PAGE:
By Dan Linehan firstname.lastname@example.org
The Mankato Free Press
---- — MANKATO — The public comment window is closing on a state highway draft plan that spends an estimated $474.2 million in the Mankato region’s 13-county district through 2020.
The plan includes major work on Highway 169 between Mankato and St. Peter, two large roundabouts in Mankato and completes the expansion of Highway 60 to four lanes from Windom to St. James.
The biggest priority of the plan for this region appears to be Highway 14, which gets two new bridges in New Ulm and a four-lane expansion from North Mankato to Nicollet — $83.5 million in total.
Public hearings are planned for Monday in Mankato and elsewhere, giving residents of the state an opportunity to give their opinion on the Minnesota Department of Transportation’s 20-year plan. The official comment period ends Wednesday.
The state has been taking public comment on the plan for many months, and they range from advice about specific projects to requests for MnDOT to take positions on various issues, said Ryan Wilson, the plan’s project manager.
“We have unsurprisingly gotten comments related to US-14 … We really get comments that range across the board,” he said.
The plan acknowledges it won’t please everybody, saying MnDOT will be “unable to make appreciable progress toward non-asset management goals.”
“Assets will continue to decline faster than they can be repaired or replaced,” the plan reads. “The investment mix is not well-aligned with the public’s preferences.”
This is largely because the department estimates it will have $18 billion to spend over the next 20 years, not nearly enough for the $30 billion it needs to meet its performance standards and other goals.
Indeed, most of the spending, at least in the Mankato region, will be on replacing bridges or repairing roads. Though the plan lists projects for seven years, only the first four years are commitments. Through 2017, the only non-maintenance projects in District 7 are as follows: roundabouts in Mankato, flood mitigation on Highways 22 and 169, a pedestrian and bicycling upgrade to the Veterans Memorial Bridge in Mankato and the four-lane expansion of Highway 60.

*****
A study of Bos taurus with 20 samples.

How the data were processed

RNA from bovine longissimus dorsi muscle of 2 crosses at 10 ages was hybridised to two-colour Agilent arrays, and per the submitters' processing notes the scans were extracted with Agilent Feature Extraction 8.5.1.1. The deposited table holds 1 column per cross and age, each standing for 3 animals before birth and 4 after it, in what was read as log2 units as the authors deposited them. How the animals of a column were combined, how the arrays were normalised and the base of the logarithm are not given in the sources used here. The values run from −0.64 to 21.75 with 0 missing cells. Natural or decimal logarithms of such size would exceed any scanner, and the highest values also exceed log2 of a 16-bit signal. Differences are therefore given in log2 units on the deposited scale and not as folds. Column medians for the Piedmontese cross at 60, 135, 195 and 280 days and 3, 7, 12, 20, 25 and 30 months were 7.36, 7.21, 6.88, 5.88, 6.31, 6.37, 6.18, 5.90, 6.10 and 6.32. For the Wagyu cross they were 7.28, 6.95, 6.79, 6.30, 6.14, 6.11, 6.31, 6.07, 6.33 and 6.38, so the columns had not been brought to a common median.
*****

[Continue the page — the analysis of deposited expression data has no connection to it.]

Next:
The roundabouts, on Highway 22 at Madison Avenue and Adams Street, are estimated to cost about $7 million, of which MnDOT will pay $4.4 million. The city and Blue Earth County will pick up the rest. Both roundabouts are slated to be finished next year.
The flood mitigation project, estimated to cost between $28.8 million and $34 million through 2016, will raise about five miles of Highway 169 between Mankato and Le Sueur about one foot above the 100-year flood elevation. The department is also repairing the driving surface of about 15 miles of the highway, though nine of those miles (the ones north of St. Peter) will include a fix to only the southbound lanes.
A small piece of Highway 22 near St. Peter also will be raised in 2015.
The Veterans Memorial Bridge upgrades are listed as 50 percent for bicyclists and 50 percent for walkers. It may include widening sidewalks and putting a barrier between the sidewalk and the road, said Lisa Bigham, planning director for District 7.
“We’re looking for public input and are getting design alternatives very soon,” she said. The project is budgeted for 2015.
The Highway 60 four-lane expansion will be completed in two stages.
The first, from Mountain Lake to Butterfield, will be completed in 2015 at a cost of $14.5 million. It will be designed in both concrete and asphalt variants, and contractors will bid on each. Concrete is more costly to build, but MnDOT factors in its increased lifespan with the bids.
The final piece, westward to Windom, is scheduled for 2017 at a cost of $30 million.
Last summer, Gov. Mark Dayton pledged that Highway 14 would get a four-lane expansion between North Mankato and Nicollet by 2018. The plan budgets $19 million for the construction.
The costliest changes to Highway 14 are the replacement of two bridges in New Ulm at a combined cost of $43.3 million. It may seem counter-intuitive that a single bridge (the Minnesota River bridge is estimated at $30 million) would cost more than a six-mile highway expansion, but bridges just tend to cost more, said Zachary Tess, a MnDOT project manager.
The New Ulm river bridge, he said, includes complicated work with poor soil, the river and the bridge’s piers and abutments.
The rest of the Highway 14 expansion to New Ulm, estimated to cost between $101 million and $167 million, isn’t in the plan. This disappointed some advocates.
Mankato City Manager Pat Hentges, the treasurer of the Highway 14 Partnership, didn’t blame MnDOT.
“Unless we infuse some money into this system, it’s going to continuously lose ground,” he said.
But he said the Corridors of Commerce program, approved by the Legislature this year, “holds a key” if it can get more funding.
And Highway 14 advocates aren’t the only ones disappointed. Likewise left out was a six-lane expansion to Interstate 94 between St. Cloud and the Twin Cities (more than $100 million), a four-lane expansion to Highway 23 from New London to Richmond ($46 million to $90 million) and a four-lane extension of Highway 371 from Jenkins to Pine River ($78 million to $150 million).
The transportation department will review the comments in the next month or so and make changes to its plan, which will be reviewed by the Legislature next spring.